Published: 17th June 2013 12:52 PM  |   Last Updated: 17th June 2013 12:52 PM   |  A+A-

The state government has taken a clear stand that it supports the policy to not fail any student up to Class 8, as mandated in the Right to Education Act.

 Department of State Education Research and Training (DSERT) director H S Ramarao told Express: ‘’The no-detention clause (which ensures the student is not failed or held back till Class 8) acts as a catalyst for implementation of Karnataka’s continuous and comprehensive evaluation (CCE) model.” He made an elaborate presentation on the issue at a Ministry of Human Resources meeting on CCE and the no-detention policy on May 31, in New Delhi. Section 29(2)(h) of the RTE Act mandates implementation of CCE, which aims a shift from the examination methods to regular assessment of classroom learning.

“There are two types of learning deficiencies that we find in children - periodical and cumulative - and we believe that these learning gaps can be filled by regular assessment of a child through the CCE,” Ramarao said. 

The Karnataka CCE model is based on guidelines laid down by the National Council of Educational Research and Training (NCERT) and focuses on classroom processes, he added.

But, a Parliamentary Standing Committee on human resources development, in its report in April, asked the ministry to rethink on this policy to automatically upgrade students.

“A child may not be mature enough to understand the implications of his being required to sit for formal examination from Class 9 onwards and obtain the minimum benchmarks,” the Committee report said.

K V Bhat, a government primary school teacher for 20 years, said this policy would diminish academic seriousness in children in the long run.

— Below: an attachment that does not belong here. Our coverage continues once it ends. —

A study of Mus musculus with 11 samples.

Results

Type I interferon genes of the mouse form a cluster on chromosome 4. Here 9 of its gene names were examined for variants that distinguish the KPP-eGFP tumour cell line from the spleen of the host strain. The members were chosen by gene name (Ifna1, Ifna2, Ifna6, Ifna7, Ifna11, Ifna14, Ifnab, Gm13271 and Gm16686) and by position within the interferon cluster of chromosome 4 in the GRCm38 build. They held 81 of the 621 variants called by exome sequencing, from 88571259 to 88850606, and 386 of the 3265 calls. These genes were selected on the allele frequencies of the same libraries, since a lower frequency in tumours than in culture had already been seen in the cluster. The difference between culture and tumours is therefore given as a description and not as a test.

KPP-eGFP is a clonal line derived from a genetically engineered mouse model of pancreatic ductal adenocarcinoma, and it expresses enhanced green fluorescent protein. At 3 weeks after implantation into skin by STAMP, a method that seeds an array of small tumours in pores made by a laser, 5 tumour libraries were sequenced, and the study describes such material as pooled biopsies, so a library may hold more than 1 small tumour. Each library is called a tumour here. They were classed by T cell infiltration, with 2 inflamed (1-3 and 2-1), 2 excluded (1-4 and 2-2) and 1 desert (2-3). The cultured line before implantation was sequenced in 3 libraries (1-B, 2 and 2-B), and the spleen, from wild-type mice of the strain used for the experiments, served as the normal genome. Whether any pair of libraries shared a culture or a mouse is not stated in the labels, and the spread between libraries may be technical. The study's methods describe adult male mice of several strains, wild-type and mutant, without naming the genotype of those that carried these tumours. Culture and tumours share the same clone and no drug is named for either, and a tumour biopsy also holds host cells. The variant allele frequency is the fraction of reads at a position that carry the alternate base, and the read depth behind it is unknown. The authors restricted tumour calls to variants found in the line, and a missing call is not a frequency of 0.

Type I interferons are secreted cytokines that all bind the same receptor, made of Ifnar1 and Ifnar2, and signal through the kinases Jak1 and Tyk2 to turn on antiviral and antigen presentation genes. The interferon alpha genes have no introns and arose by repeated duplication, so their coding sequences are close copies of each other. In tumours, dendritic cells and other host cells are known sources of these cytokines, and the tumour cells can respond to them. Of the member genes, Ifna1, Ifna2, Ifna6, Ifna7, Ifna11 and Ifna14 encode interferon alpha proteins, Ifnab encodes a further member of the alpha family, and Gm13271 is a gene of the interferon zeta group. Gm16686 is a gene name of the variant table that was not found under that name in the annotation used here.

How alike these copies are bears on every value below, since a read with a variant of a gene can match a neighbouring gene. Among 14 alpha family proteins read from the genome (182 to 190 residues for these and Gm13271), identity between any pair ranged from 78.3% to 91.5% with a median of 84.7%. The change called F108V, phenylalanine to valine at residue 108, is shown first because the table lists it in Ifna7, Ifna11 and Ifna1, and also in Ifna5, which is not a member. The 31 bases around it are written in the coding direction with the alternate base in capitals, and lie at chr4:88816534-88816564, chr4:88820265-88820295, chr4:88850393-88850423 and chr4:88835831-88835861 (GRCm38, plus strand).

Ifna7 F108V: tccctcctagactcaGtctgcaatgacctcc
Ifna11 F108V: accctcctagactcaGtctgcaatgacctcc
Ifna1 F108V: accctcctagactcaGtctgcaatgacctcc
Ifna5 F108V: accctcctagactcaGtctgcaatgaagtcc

“As a teacher, I feel the policy is okay till Class 4. From there on, children need to have exam seriousness rather than having it easy.”

Government primary schools have Nali-Kali from Classes 1-3, where one teacher combines all three classes to teach children through play. “We already find it tough to get their attention in class. Imagine if they know they will not fail at all,’’ he contended. 

Primary and secondary education secretary G Kumar Naik said: “Good or bad, we are in the process of implementing CCE. We feel, without giving a good try to CCE, there is no point in objecting to no-detention.”

There is currently not much clarity on how many government schools follow CCE. Ramarao said: “There are 1.81 lakh primary teachers. It is almost impossible to quantify how many of them have adopted CCE.”

Bhat pointed out that the CCE was quite cumbersome to implement: “Without enough janitors, we also have to look at general maintenance, mid-day meals among other things. The CCE has 10-15 formats that we need to fill for each child on learning, reading, writing and other parametres, which means more workload. We hear students say that teachers are always writing.”